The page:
AUA 2018: Estrogen Receptor β Promotes Renal Cell Carcinoma Progression via Regulating LncRNA HOTAIR-miR-138/200c/204/217 Associated CeRNA Network
San Francisco, CA USA (UroToday.com)The relationship between the estrogen receptor and many known hormone-sensitive tumors has been identified, but the relationship of that and renal tumors has not been clearly observed. This clinical study presented by Jie Ding, MD, a urology specialist of the University of Rochester Medical Center, composed of the effect of over expressions and knockout of the estrogen receptor beta and the survival rate of patients with RCC. Although there was already identification between the regulatory relationship between the alpha and beta receptor,
AUA 2018: Use of Urinary Metabolomics to Identify High-Risk Clear Cell Renal Cell Carcinoma
San Francisco, CA USA (UroToday.com) Mohit Gupta, MD, a urologic oncologist at John Hopkins University of Medicine, presented a study regarding metabolomic markers that may identify and differentiate high-risk clear cell RCC from benign tumors. Dr. Gupta began the presentation by introducing the importance of metabolomics to identify discrepancies within current pathways known to urologic oncology. Although these pathways have been studied and used for different types of cancers, specific markers within urine of patients with ccRCC have not been clearly identified.
AUA 2018: The More You See, The More You Miss: Association Between PI-RADS Score of the Index Lesion and Multi-Focal, Clinically Significant Prostate Cancer
San Francisco, CA (UroToday.com) An extremely important consequence of our growing comfort with MRI-fusion targeted prostate biopsies is that systematic biopsies appear to be less important in some men. The results of the recent PRECISION trial, in fact, show that targeted biopsies alone may be a suitable way to detect clinically significant prostate cancer (csPC) in men undergoing diagnostic biopsies. The question lingers, though, about how much these targeted biopsies are potentially missing.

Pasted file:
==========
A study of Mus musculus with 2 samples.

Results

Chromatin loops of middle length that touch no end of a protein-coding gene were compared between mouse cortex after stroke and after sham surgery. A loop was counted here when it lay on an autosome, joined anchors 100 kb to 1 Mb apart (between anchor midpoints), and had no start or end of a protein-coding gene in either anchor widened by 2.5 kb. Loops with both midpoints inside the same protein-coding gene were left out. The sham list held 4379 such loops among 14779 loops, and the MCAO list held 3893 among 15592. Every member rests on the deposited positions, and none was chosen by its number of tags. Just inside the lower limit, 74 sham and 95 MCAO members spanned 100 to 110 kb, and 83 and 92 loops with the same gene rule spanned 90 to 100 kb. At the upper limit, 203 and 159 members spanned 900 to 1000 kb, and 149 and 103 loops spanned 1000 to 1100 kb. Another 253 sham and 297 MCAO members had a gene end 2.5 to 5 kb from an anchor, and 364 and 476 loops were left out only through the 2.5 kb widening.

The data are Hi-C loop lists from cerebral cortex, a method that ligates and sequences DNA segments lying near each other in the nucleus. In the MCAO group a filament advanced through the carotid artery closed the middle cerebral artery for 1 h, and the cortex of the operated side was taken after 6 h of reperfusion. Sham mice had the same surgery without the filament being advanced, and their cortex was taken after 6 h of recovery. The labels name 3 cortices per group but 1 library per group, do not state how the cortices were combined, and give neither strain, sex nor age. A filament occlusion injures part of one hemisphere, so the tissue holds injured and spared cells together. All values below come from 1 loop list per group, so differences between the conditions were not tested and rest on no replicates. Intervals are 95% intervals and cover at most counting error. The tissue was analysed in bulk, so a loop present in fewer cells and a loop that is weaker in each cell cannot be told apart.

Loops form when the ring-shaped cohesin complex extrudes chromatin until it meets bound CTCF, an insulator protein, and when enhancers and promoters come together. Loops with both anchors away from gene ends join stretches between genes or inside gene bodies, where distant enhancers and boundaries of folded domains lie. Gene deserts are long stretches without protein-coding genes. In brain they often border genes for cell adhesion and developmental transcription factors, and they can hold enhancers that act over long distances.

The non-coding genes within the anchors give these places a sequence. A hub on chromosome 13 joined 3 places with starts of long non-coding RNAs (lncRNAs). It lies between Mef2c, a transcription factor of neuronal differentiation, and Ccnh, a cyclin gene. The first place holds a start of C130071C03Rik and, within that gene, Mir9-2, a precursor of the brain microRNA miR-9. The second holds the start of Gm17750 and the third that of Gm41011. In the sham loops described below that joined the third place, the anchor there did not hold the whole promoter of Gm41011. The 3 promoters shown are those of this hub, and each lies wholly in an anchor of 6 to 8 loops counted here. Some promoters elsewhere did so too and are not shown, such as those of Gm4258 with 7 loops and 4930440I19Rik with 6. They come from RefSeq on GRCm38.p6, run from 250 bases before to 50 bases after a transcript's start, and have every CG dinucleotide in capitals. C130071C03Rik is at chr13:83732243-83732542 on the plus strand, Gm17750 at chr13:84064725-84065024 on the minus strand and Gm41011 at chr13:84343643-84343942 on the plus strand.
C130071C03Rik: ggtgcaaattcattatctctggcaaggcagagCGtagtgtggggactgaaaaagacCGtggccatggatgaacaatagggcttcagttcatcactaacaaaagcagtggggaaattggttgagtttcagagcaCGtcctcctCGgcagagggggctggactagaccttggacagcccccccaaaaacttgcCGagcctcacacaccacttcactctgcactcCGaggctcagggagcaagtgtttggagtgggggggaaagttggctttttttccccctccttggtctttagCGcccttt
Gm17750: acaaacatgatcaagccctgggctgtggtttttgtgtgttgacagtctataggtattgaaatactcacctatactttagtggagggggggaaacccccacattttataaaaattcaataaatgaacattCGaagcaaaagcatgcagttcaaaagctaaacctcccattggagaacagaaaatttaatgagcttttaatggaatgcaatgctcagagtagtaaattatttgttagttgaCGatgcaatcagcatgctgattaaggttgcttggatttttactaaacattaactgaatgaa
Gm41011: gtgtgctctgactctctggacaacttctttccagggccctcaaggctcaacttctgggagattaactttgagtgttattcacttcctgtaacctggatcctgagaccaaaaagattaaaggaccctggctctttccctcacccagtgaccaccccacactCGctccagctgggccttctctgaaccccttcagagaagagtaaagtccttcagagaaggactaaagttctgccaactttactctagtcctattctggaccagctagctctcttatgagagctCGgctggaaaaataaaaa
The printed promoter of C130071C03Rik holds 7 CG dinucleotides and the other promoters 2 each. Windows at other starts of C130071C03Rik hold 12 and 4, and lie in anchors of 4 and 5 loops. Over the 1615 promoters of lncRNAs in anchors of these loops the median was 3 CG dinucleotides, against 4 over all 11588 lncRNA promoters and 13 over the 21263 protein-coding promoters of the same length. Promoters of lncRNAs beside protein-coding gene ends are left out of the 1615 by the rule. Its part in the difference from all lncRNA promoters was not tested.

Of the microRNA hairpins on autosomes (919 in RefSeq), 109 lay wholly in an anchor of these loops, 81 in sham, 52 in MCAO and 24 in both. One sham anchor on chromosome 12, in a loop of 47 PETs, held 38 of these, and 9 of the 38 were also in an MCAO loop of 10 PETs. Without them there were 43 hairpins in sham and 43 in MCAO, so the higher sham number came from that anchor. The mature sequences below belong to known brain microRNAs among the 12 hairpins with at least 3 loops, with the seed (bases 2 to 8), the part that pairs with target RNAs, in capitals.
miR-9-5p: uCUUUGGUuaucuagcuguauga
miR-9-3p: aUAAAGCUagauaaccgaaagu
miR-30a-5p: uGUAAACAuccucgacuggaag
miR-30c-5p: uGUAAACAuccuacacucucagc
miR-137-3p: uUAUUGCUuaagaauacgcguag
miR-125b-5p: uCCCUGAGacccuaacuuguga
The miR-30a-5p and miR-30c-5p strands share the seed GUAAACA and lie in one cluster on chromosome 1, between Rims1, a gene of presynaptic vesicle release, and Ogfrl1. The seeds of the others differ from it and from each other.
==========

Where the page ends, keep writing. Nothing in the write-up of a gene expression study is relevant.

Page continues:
AUA 2018: Multi-Institutional External Validation of the EAU Guidelines for the Use of Staging mpMRI Prior to Radical Prostatectomy in Men with Intermediate and High-Risk Prostate Cancer
San Francisco, CA (UroToday.com) Current EAU guidelines advocate for the use of mpMRI for patients with high risk disease (defined as high risk on D’Amico criteria or >=ISUP Grade 3) for local staging purposes. These recommendations are based on evidence that has not previously been externally validated, though. The presenters, therefore, used a 4-institutional cohort of men in Europe to evaluate the utility of mpMRI for these high-risk men in a real-world setting.
AUA 2018: Association of Systematic Biopsy vs. Magnetic Resonance Imaging/Ultrasound Fusion Targeted Biopsy with Prostate Cancer Upstaging at Radical Prostatectomy
San Francisco, CA (UroToday.com) Multiparametric prostate MRI (mpMRI) has clear utility for many aspects of prostate cancer diagnosis, staging, and preoperative planning. However, given that it is a relatively newly-adopted modality, little is known regarding how mpMRI might predict downstream outcomes for patients undergoing treatment for prostate cancer.
AUA 2018: Evaluation of Gallium-68 PSMA PET/CT Imaging in Individuals with Biochemical Recurrence Following Radical Prostatectomy
San Francisco, CA (UroToday.com) Ga-68 PSMA PET is growingly seen as one of the most important breakthroughs in prostate cancer imaging over the past decade. Its ability to detect metastatic disease that was previously invisible to conventional CT and bone scan imaging makes it a very attractive imaging modality for both clinical and research use.
AUA 2018: Local Immune Modulation by Decreasing CD4+/CD8+ T Cells Ratio after Prostate Cancer Hemi-Cryoablation
San Francisco, CA (UroToday.com) Leonardo Reis MD, and colleagues sought to answer a unique question with regard to the effect of thermal ablation on prostate immune infiltrates following therapy. Thermal ablation is known to increase antigen presentation, thereby possibly activing tumor-specific T cells, but little is known about the immune response within the local prostatic environment.